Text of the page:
The Heart of an Army Ranger
This weekend Jill Stephenson is walking across a swath of Illinois to honor fallen soldiers and to help Americans remember them. Once you learn about her late son Benjamin Kopp, you may find that his story is impossible to forget.
The Chicago Tribune reports:
When her son enlisted at 18, many people asked Stephenson, who was a single mother, “How can you let him do that?” But she had known there would be no other route. He was determined. And she was proud of him.
Kopp was a “boy’s boy” who played with trucks and dirt and pored over his great-grandfather’s war medals in their Minnesota lake house. The death of his great-grandfather, a World War II veteran, and the Sept. 11 attacks that followed soon after, turned into a mission of grief and vindication for him.
Just one month after graduating from his Minnesota high school in 2006, Kopp headed to Fort Benning in Georgia to begin his training. By 2007 he was in Iraq and after a second deployment there the following year, he arrived in Afghanistan in 2009. On July 10 of that year Cpl. Benjamin Kopp and fellow Army Rangers were involved in a furious battle.
The Minneapolis Star-Tribune reported:
According to a Ranger news release, Kopp’s unit “attacked a Taliban safe haven where they fought a determined enemy from multiple directions for several hours, resulting in the killing of more than 10 Taliban fighters.”
The combat took place in the early morning hours. [Ranger Chaplain Jeff Struecker] said Kopp was leading a machine gun unit that was providing cover for a reconnaissance team that was attempting to make a safe withdrawal. During the exchange of gunfire, Kopp had to emerge from cover and was shot in the leg.
On July 19, 2009 the St. Paul Pioneer-Press reported that he had died from the injuries sustained in combat. According to the Pioneer-Press:
Kopp’s mother, Jill Stephenson, announced her son’s death Saturday night on a CaringBridge.org Web site.
Stephenson wrote in a journal entry that Kopp died at Walter Reed Army Medical Center in Washington D.C., where he had been in an induced coma and on a ventilator.
Kopp had been hit in the popliteal artery behind the knee. He went into surgery in a battalion surgical center, Stephenson wrote, and then went into cardiac arrest due to excessive blood loss. Doctors performed CPR, and he was revived, she said.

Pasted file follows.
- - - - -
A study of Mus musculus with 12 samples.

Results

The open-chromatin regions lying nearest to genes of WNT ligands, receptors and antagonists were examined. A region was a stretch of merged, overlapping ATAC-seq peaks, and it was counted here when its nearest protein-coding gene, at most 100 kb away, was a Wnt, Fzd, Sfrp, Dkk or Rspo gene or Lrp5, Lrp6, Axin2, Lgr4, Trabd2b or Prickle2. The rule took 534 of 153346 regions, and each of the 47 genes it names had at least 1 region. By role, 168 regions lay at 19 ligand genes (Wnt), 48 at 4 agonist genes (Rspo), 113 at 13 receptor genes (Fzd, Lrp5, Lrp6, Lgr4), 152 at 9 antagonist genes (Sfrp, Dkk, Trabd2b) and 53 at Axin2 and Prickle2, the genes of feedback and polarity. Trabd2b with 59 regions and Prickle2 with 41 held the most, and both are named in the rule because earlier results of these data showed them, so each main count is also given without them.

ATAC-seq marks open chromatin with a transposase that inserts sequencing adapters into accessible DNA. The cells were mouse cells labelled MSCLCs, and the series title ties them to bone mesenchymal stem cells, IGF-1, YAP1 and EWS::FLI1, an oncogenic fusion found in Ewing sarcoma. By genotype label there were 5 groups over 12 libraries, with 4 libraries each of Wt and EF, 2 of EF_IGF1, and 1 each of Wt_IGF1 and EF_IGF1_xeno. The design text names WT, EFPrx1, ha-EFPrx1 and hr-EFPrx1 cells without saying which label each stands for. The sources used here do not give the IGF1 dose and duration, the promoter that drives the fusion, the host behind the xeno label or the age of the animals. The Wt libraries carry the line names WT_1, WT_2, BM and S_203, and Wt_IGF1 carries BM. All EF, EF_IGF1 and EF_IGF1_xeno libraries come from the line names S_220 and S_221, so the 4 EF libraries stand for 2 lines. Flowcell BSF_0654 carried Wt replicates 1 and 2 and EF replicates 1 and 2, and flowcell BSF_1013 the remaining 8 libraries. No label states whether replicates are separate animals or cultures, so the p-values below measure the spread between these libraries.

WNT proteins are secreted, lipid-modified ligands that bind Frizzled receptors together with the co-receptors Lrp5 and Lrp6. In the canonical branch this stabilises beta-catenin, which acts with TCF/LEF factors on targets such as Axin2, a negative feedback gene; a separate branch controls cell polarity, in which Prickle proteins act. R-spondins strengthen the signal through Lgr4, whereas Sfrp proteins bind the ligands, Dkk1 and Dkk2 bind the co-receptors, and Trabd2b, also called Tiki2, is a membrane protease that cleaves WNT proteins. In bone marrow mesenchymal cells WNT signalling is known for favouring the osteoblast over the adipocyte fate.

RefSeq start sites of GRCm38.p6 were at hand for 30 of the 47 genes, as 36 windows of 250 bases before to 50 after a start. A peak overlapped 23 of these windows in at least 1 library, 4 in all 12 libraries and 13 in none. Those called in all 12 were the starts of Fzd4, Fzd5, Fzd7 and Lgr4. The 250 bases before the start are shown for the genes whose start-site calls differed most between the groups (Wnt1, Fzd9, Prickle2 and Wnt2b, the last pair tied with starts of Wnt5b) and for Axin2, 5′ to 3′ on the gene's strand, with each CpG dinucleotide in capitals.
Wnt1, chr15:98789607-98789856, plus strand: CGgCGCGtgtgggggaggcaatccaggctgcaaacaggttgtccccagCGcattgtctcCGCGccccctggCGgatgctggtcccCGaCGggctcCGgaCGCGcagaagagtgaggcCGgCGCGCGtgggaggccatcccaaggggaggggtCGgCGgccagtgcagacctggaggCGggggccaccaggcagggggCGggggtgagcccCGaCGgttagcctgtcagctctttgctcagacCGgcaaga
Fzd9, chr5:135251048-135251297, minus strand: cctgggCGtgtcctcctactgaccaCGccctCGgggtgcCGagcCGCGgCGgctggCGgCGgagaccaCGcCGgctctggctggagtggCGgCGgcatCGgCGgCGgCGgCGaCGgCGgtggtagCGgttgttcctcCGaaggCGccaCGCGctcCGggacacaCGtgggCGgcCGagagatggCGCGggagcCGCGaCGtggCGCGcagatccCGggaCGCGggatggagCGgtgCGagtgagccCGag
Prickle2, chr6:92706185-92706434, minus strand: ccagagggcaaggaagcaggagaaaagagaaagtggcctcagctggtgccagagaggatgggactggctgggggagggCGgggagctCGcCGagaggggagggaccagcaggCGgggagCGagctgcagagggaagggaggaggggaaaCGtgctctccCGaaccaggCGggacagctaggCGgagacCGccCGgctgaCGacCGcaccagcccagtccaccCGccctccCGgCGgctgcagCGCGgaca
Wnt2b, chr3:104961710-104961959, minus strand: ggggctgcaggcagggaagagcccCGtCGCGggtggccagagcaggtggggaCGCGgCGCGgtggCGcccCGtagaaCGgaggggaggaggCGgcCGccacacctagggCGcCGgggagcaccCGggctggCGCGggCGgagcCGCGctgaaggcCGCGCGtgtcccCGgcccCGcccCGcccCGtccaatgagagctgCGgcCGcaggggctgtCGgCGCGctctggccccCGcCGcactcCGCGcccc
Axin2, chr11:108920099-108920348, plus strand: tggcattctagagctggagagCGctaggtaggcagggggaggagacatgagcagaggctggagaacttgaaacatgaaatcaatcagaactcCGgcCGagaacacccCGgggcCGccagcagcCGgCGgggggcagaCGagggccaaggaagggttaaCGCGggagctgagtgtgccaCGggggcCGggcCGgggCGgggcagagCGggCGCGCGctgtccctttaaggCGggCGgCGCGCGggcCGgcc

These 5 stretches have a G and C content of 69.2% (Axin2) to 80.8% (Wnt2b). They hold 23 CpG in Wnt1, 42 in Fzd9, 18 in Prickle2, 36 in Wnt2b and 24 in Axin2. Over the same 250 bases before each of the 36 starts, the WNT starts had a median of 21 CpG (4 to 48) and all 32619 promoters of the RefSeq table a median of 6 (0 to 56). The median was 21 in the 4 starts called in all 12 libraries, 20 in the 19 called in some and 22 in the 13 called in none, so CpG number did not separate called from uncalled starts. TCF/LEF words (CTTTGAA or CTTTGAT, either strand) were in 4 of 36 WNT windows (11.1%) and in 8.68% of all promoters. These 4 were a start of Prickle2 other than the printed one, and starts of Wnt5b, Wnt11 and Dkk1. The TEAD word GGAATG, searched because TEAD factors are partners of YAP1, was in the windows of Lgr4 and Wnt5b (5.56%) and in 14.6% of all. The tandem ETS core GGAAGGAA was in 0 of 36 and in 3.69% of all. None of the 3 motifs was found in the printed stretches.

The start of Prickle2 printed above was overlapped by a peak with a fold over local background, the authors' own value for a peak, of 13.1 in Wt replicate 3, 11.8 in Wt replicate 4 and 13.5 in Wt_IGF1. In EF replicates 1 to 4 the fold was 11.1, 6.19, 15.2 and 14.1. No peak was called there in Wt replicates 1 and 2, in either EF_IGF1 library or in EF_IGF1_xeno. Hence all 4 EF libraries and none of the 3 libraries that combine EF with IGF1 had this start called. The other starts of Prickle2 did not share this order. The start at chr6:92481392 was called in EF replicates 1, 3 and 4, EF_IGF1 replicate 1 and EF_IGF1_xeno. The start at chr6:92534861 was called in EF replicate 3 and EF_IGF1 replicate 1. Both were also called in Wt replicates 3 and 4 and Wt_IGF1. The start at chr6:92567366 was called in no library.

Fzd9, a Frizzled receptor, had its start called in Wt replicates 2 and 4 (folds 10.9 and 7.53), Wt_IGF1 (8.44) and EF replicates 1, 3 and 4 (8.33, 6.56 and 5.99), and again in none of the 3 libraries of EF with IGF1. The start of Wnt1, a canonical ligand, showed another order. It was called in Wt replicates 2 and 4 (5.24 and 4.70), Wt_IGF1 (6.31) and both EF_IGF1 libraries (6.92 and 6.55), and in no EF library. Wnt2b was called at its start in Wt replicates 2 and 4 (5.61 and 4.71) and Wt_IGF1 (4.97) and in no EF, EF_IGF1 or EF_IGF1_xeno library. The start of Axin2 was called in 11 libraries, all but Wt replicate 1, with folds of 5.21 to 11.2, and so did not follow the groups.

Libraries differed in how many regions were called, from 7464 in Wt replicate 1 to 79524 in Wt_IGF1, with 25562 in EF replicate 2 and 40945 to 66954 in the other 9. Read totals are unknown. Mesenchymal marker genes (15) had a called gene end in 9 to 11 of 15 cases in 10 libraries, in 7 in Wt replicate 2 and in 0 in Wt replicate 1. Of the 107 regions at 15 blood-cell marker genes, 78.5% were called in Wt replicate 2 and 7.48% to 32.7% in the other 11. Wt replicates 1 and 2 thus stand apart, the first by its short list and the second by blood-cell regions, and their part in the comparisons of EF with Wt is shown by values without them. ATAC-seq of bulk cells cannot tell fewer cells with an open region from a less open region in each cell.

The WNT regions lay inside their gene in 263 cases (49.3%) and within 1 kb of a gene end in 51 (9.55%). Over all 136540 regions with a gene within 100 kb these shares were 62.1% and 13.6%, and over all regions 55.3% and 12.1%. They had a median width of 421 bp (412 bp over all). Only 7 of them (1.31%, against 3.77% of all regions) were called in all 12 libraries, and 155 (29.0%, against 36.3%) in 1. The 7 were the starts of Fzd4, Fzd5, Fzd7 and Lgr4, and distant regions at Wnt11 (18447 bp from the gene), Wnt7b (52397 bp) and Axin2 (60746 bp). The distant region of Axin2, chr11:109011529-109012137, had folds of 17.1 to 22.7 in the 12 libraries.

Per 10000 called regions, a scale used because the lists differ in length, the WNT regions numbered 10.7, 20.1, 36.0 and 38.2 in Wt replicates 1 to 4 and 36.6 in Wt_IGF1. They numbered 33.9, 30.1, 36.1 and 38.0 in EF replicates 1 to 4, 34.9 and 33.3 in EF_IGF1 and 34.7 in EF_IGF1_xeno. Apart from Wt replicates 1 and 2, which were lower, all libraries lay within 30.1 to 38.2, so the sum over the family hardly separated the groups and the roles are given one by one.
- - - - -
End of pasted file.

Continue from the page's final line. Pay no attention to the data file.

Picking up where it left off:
He was kept sedated and on ventilator during surgery to repair the damage to the artery and popliteal vein, she said, but he never woke up…
“Ben had a deep love of country and has just left a legacy of heroism for all of us to cherish,” she wrote.
“Be as proud of him as I was as his mother. I have been blessed for 21 years with a beautiful young man who came to be loved by thousands. I thank God for sharing him with me and for allowing him to die proud.”
He died proud and young. During a speech at Arlington National Cemetery, Ronald Reagan once remarked:
It is, in a way, an odd thing to honor those who died in defense of our country, in defense of us, in wars far away. The imagination plays a trick. We see these soldiers in our mind as old and wise. We see them as something like the Founding Fathers, grave and gray haired. But most of them were boys when they died, and they gave up two lives — the one they were living and the one they would have lived. When they died, they gave up their chance to be husbands and fathers and grandfathers. They gave up their chance to be revered old men. They gave up everything for our country, for us. And all we can do is remember.
Benjamin Kopp gave up everything for our country, for us. But it turns out that he wasn’t nearly done giving. The Minneapolis Star-Tribune noted that more than 700 people gathered at his high school to honor his memory, and for others he left much more than memories.
Before heading into harm’s way Kopp had checked a form to donate organs. When asked to specify which ones he wrote, “Any that are needed.”
One life was saved immediately. In 2009 the Washington Post reported on the patient:
“How can you have a better heart?” said a grateful Judy Meikle, 57, of Winnetka, Ill., who is still recovering from the surgery. “I have the heart of a 21-year-old Army Ranger war hero beating in me.”
Kopp’s mother, Jill Stephenson of Rosemount, Minn., said that in addition to her son’s heart, doctors removed his kidneys, pancreas and liver for transplant.
“It helps my sorrow; it eases my pain. It really does,” Stephenson said. “I know that Ben wanted to help save lives . . . and it really prolongs Ben’s life and honors his memory so much and honors me in that we could save other lives.”
This week Ms. Stephenson tells the Chicago Tribune that the organ transplants ended up saving three other lives in addition to Ms. Meikle and that her son’s donations of bone, skin and tissue helped more than 50 others.
“To experience that joy along with the sorrow, it is a miracle,” Stephenson told the Star-Tribune back in 2009.
This weekend we can be grateful for her son, and for all the soldiers like him who have allowed us to live in the miracle called America.